No-nonsense leaders are hard to come by. But Amir Tarighat is the voice of reason Westwood desperately needs.
The board endorses Tarighat for at-large stakeholder in the North Westwood Neighborhood Council for his experience in event planning and handling the business logistics of such community engagement.
We shouldn’t forget Tarighat was the matter-of-fact councilmember when news broke that the NWWNC’s “Next Friday” event had floundered, wasting more than $1,000. Tarighat’s attempts to save the affair, such as establishing a complete event proposal and understanding the steps necessary to host an event with the city, prove he understands how Westwood works better than the committee that tried to roll out the event does.
Tarighat, who is currently council treasurer, doesn’t just bring hindsight about “Next Friday” to the table. His platform is to remove some of the city’s red tape, unnecessary bureaucracy that prevents businesses from coming to Westwood. He also wants to create an inviting atmosphere in Westwood Village for businesses by interfacing with them through events and programs.
But beyond this, Tarighat emphasizes a need for inclusivity on the council – between business holders, students, homeowners and renters. For example, he plans to use the NWWNC’s outreach committee to give community members a space to participate in local government without alienating one another – something that has happened all too often in the past.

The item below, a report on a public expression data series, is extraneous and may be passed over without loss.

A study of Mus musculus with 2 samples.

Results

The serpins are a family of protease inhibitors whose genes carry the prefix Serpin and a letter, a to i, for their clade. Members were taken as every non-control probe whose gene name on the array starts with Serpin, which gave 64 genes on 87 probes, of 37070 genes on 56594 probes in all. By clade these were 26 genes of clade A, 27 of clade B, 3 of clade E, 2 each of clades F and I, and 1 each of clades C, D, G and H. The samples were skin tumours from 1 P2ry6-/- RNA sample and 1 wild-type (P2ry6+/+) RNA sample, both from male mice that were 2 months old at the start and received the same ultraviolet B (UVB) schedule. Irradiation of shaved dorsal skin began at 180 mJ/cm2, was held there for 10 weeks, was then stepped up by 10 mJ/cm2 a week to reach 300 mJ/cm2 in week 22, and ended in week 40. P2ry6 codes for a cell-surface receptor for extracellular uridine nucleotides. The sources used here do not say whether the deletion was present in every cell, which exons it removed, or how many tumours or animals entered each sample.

For half a year, Tarighat was actively working to breathe life back into Westwood and put out fires on the NWWNC. That refreshingly firm persona should earn him another term on the council.
After a stint studying abroad, Zahra Hajee is back in Westwood – and vying for a seat on the North Westwood Neighborhood Council.
Her ideas are encouraging. She hopes to work on pedestrian- and bike-friendly projects and to extend the undergraduate student government’s physical accessibility plans to Westwood. She also wants to improve the community’s sustainability through initiatives like introducing recycling bins to the area.
She also plans to work on establishing the council’s prominence and influence in the community and with local politicians by working proactively on issues like the Metro Purple Line Extension and the 2028 Los Angeles Olympic Games.
Hajee’s experience as the Undergraduate Students Association Council Facilities commissioner in the 2017-2018 term has given her the know-how to bring her sustainability and accessibility initiatives to light. And her experience as one of the founding members of NWWNC shows she knows what Westwood needs.
Though her ideas are somewhat vague, the above qualities give the board confidence she can accomplish her goals for the council next year.